It was a Wilpattu trip after almost a year’s absence in the park and a quite uncharacteristically late entrance into the park after a 3.30am arrival to Aanawila the night before. With the late entry and an experienced and super jeep driver (Nishantha: 0724125078) we were assigned a less experienced tracker, Saman who clambered in clutching some paperwork.
It was a bit of a surprise to find out that he was a member of the Civil Defense Force, what is thought to be one of the poorest trained and least popular sections of the armed forces in Sri Lanka. Someone had put it fairly accurately to me some time ago, that (rightly or wrongly) the general impression is that the CDF is a bunch of village thugs with guns.
Saman however was completely different from what I expected, very nice and eager. The documents he was clutching as he got into the vehicle turned out to be a bird guide book. As I identified a blue-faced malkoha and a racquet-tailed drongo, he sheepishly admitted that he wasn’t the best at bird ID’s and if he had known I was into birds he would have gotten a better guide from the office. Yet it was refreshing to be with Saman, not only did he look up a bird in the bird every time we saw one but he’s enthusiasm was infectious. I usually just click a photo for ID’ng later and go along my merry way especially with the waders since they are usually quite obscure, small and relatively dull. This time however it was an interesting trip because Saman was quite into trying to ID every bird we came across.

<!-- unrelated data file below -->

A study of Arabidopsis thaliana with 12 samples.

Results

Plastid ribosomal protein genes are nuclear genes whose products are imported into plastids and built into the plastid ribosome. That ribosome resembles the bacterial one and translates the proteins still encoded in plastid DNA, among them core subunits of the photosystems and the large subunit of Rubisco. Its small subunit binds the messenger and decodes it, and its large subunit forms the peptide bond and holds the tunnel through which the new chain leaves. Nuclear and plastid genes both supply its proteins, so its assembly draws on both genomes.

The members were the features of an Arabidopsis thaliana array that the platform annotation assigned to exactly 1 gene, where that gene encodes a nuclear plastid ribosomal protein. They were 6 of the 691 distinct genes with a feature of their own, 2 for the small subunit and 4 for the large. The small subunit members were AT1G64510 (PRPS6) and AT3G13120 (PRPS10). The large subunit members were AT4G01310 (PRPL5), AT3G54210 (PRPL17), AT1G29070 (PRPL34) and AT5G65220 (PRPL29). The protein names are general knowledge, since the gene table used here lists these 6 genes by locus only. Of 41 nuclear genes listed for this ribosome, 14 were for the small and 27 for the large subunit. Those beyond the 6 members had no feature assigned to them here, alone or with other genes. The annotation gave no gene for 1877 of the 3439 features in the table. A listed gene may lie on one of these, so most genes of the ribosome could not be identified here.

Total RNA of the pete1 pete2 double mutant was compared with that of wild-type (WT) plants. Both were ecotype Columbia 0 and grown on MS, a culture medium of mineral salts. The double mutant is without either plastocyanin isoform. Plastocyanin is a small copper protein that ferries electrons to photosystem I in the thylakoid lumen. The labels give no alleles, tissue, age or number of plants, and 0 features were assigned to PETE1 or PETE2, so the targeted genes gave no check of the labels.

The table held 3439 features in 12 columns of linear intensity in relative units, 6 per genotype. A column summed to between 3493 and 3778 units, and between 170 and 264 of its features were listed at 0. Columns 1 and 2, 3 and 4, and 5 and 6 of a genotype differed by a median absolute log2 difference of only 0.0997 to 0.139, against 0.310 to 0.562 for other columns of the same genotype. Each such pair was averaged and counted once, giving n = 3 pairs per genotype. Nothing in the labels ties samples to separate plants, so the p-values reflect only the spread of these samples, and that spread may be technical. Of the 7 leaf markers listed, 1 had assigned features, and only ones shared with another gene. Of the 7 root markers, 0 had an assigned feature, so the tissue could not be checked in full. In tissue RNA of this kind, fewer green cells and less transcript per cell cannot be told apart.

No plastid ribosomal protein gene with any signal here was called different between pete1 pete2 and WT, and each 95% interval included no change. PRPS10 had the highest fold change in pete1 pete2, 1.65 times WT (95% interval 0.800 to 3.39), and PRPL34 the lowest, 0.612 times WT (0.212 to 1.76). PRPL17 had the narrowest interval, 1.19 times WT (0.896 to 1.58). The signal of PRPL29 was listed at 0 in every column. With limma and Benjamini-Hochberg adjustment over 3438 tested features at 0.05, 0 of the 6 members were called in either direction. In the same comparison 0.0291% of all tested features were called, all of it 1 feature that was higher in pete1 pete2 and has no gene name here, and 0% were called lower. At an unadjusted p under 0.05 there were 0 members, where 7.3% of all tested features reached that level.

A character like Saman does raise an interesting issue. Every park that I have visited, from Yala to Wasgamuwa to Gal Oya, is understaffed with the majority of staff being temporary. In a park like Gal Oya, rarely visited and relatively obscure it is somewhat excusable. But in a park like Yala, where turnover has on some days exceeded Rs. 1 million a day and is a frequent stop on the tourist trail, there is simply no excuse.
Yet at the same time while the parks, which generate such vital income, cry out for manpower, the Civil Defense Force is 35,000 strong without any discernible purpose that the army or the police could not fulfill. They are paid salaries and have pension schemes (http://www.lankajournal.com/2012/01/pension-scheme-for-civil-defense-force/) funded by the taxpayer. There has been some talk about the CDF ‘helping’ the DWC with the elephant-man conflict but why not simply reallocate resources?
Saman cannot be the only one of his kind in the CDF. There must be more individuals in entities such as the CDF who have a latent interest in nature, wildlife and who would benefit from being brought into the fold of the DWC, being trained and acquiring skills and pride in protecting a natural heritage. These same people are otherwise pulling a salary, holding a gun and sitting around doing nothing much the whole day. That money could be much better spent on someone who is creating value for the country like Saman is. Our problem is not only limited resources but the poor way in which we use our resources, driven by political expediency and short term gain. We can get around limited resources by thinking smart and acting with principle. Of course the key here is letting go of our apathy and complacency but currently the majority seems intent on not doing that as long as possible. It’s the age old story of Sri Lanka, potential but no will to make good on that potential.